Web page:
Overview of Three Interpretations of Samuel Beckett's Waiting for Godot Essay

Overview of Three Interpretations of Samuel Beckett's Waiting for Godot Essay

I will look at what I have determined to be the three most predominant interpretations of the play, including anti-Christianity, existentialism, and nihilism. By also examining Beckett’s life and influences, I believe that a well-rounded set of possibilities will be presented. Finally, I will use sources to work my own argument. I believe this play is inherently about nothing, and that it is us as readers that over-complicate it. Because we search for meaning in everything, Waiting for Godot has to mean something, otherwise it does not fit into what we find comfortable or acceptable. I will start by delving into Samuel Beckett’s background.
One of the more bizarre bits about Beckett’s life was that he claimed to have vivid prenatal memories. According to James Knowlson, author of the only authorized Beckett biography entitled Damned to Fame: The Life of Samuel Beckett, these memories were not pleasant. He writes, “Yet the memories that, as an adult he claimed to have of the womb, deriving probably from the period shortly before his birth were associated more with feelings of being trapped and unable to escape, imprisoned and in pain (Knowlson 23-24).” This sense of being forcibly held in stasis and wanti...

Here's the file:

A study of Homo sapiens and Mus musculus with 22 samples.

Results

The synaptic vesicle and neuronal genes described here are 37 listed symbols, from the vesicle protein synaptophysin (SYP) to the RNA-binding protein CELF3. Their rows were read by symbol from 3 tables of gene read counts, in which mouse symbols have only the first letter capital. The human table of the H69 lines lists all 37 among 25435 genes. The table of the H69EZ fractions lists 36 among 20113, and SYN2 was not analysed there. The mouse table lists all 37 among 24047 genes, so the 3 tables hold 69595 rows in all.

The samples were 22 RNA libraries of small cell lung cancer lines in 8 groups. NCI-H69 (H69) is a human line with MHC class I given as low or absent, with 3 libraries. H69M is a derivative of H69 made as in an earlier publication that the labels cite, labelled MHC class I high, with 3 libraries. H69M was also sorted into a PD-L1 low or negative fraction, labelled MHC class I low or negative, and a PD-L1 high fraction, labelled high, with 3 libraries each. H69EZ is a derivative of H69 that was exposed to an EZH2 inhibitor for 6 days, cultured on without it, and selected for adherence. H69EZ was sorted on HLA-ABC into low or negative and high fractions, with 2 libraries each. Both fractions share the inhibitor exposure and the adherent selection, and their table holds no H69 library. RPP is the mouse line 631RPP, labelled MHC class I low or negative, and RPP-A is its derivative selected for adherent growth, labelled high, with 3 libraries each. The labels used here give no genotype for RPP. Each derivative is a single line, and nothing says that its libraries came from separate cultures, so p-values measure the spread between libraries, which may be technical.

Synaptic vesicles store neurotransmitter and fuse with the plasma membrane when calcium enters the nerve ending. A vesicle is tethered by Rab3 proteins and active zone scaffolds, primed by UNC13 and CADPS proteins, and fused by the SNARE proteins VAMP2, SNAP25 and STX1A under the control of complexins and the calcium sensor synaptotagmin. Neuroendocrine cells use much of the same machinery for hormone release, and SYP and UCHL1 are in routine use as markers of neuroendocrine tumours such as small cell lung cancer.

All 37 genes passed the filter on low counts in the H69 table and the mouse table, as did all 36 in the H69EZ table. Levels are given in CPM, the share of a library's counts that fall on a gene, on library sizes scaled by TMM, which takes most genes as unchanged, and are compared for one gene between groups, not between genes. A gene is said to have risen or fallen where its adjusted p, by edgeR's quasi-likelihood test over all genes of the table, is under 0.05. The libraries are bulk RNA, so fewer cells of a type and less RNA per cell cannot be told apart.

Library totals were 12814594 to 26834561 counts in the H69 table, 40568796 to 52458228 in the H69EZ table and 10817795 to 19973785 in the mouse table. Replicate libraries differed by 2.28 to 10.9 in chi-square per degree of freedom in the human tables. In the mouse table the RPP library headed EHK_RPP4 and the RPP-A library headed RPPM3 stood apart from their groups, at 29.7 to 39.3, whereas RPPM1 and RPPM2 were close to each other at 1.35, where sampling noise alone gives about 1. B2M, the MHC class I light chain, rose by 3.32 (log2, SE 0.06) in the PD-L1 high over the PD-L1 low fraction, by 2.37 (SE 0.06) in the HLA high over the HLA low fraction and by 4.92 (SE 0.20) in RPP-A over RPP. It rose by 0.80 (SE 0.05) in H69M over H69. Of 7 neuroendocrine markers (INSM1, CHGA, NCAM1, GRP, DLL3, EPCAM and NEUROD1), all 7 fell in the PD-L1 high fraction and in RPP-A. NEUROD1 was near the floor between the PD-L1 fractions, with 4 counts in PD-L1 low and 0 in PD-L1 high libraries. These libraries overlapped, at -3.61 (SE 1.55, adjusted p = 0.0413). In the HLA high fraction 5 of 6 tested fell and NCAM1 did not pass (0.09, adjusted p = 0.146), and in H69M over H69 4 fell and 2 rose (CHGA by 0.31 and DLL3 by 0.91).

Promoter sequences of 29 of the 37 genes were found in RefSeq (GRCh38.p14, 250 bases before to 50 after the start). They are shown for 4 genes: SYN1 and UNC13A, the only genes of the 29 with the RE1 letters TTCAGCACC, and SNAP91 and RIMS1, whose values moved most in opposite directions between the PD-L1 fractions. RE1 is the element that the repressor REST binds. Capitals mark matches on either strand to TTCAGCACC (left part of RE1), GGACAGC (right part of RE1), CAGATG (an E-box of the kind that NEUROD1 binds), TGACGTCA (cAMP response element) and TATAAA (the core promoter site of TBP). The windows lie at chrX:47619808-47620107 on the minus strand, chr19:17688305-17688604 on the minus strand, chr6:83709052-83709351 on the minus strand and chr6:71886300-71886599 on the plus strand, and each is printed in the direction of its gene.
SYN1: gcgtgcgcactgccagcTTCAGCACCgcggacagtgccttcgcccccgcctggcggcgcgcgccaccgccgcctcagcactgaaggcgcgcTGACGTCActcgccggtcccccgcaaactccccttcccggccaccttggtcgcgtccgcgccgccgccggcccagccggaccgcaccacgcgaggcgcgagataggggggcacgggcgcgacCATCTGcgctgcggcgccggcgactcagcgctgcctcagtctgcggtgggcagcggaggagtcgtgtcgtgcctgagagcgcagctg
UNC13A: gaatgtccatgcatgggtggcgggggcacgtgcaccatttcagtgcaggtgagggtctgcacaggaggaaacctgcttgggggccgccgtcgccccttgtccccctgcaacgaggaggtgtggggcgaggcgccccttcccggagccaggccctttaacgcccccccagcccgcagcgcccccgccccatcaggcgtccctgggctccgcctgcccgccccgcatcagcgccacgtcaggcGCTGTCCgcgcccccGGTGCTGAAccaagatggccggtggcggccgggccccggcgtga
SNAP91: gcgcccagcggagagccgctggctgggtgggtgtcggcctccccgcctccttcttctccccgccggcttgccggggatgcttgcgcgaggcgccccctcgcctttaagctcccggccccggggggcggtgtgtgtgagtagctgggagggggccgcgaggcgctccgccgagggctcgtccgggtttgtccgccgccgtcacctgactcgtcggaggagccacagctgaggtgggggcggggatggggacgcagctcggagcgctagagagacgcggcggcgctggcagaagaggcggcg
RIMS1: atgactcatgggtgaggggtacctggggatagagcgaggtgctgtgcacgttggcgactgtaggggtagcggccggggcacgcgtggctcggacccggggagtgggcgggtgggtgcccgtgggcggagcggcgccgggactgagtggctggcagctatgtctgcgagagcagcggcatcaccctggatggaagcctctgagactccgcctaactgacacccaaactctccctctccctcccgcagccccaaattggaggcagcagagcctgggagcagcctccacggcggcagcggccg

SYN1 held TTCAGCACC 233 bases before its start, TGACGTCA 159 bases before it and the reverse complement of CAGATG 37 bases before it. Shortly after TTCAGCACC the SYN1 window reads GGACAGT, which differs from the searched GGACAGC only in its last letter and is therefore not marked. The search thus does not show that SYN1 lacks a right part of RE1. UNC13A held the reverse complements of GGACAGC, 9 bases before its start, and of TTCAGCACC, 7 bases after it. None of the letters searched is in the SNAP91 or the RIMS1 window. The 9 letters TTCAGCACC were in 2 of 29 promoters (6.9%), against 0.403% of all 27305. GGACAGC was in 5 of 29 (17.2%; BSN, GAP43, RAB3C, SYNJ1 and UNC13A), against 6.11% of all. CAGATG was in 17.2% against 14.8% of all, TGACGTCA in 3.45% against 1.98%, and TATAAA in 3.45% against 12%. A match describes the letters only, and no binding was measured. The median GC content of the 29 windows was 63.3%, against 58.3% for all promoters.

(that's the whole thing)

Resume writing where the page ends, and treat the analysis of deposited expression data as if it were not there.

Gordon, Lois G.. Reading Godot. New Haven, Conn.: Yale University Press, 2002. Print.
Knowlson, James. Damned to fame: the life of Samuel Beckett. New York: Simon & Schuster, 1996. Print.
Shobeiri, Ashkan. "Beckett's Atheism in Waiting for Godot and Endgame : a Proof for Absurdism." International journal of Humanities and social science 1.27 (2011): n. pag. International Journal of Humanities and Social Science. Web. 9 May 2014.
"Matthew 25." The Holy Bible: New International version : containing the Old Testament and the New Testament.. East Brunswick, NJ: International Bible Society, 1984. 31-46. Print.
Valentine, John. "Nihilism and the Eschaton in Samuel Beckett's Waiting for Godot." Florida Philosophical Review [Orlando] 16 Dec. 2009: n. pag. Florida Philosophical Review. Web. 30 Mar. 2014.